The next generation of PlayStation is due out later this year.
When the PS3 launched in 2006, the price was considerably higher than it is today. Still, despite its $499 price tag, Sony lost money on each PS3 sold, and this continued up until 2010. However, the company isn't planning on a similar scenario with the PlayStation 4.
Eurogamer cites Sony CFO Masaru Kato as saying the company is not planning a 'major loss' for the PS4. Kato elaborated that the development of the PS3 required a lot of investments in R&D. The fact that the PS4 incorporates existing technology means less of an in-house investment this time around.
"Unlike PS3, we are not planning a major loss to be incurred with the launch of PS4," he's quoted as saying. "At the time we developed PS3, we made a lot of in-house investments to develop the chip, the Cell chip. Development of the chip saw the silicon processing and all the facilities invested by us ourselves. But this time, yes we have a team working on chip development, but we already have existing technology to incorporate and also product investment and all the facilities will now be invested by our partners, other foundries, so we don't have to make all the investment in-house."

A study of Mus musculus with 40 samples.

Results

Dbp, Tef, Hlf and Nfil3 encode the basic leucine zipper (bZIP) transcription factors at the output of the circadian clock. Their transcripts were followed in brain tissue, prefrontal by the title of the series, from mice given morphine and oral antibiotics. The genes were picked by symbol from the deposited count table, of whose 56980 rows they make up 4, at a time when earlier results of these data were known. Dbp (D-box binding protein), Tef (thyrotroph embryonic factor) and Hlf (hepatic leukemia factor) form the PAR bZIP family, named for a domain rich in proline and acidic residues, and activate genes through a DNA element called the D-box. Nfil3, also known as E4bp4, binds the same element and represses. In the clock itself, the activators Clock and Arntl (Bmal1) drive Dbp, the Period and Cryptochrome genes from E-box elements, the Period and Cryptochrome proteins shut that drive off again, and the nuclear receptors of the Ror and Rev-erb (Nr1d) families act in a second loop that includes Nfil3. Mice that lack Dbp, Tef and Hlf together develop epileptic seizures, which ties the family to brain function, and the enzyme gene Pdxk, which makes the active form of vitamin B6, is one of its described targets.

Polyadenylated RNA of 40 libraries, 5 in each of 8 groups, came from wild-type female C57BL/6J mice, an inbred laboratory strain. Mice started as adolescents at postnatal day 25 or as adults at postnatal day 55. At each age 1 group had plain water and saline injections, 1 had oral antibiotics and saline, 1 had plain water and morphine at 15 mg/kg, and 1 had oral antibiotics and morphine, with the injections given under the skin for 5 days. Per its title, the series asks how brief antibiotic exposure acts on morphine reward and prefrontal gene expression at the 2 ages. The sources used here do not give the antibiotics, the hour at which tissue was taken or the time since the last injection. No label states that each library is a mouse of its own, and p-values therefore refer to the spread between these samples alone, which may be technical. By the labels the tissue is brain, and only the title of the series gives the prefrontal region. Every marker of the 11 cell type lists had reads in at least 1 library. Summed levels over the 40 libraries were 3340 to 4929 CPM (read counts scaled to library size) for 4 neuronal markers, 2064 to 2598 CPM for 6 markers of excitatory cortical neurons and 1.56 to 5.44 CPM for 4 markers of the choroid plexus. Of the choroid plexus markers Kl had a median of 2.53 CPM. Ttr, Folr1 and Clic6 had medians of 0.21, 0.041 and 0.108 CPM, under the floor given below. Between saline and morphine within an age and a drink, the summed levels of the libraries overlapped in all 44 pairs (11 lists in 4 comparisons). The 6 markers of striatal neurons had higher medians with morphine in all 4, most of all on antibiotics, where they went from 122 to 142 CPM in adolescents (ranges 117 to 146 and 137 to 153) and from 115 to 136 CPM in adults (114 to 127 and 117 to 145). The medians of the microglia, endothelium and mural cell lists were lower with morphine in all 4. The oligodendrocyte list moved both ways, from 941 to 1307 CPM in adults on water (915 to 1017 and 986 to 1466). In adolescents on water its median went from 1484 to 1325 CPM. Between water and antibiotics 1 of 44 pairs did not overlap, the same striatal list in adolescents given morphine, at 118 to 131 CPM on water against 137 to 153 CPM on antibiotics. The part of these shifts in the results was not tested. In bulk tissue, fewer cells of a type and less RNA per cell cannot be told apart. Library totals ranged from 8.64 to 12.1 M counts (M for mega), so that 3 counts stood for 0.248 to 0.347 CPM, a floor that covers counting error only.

Sony showed off the PS4 for the first time a few months ago. The company held a special event in February and talked at great length about the development of the PS4. Sony said that the PS4 has been in development for five years, which is a bit surprising as the PS4 seems to be based largely around existing PC technology. The console is based on x86 architecture with 8 cores, an integrated GPU, and 8GB of shared GDDR5 RAM. The graphical portion of the APU is said to deliver almost 2 TFLOPS of performance. Still, this goes hand in hand with what Kato was saying about not sinking huge amounts of money into developing chips and silicon processing.
While Sony offered plenty of information on the hardware, the company didn't actually show us the console itself. For that, we'll have to wait until E3, which isn't too far away. We also don't have any clue about pricing, which is obviously a very important factor for both consumers and Sony's bottom line.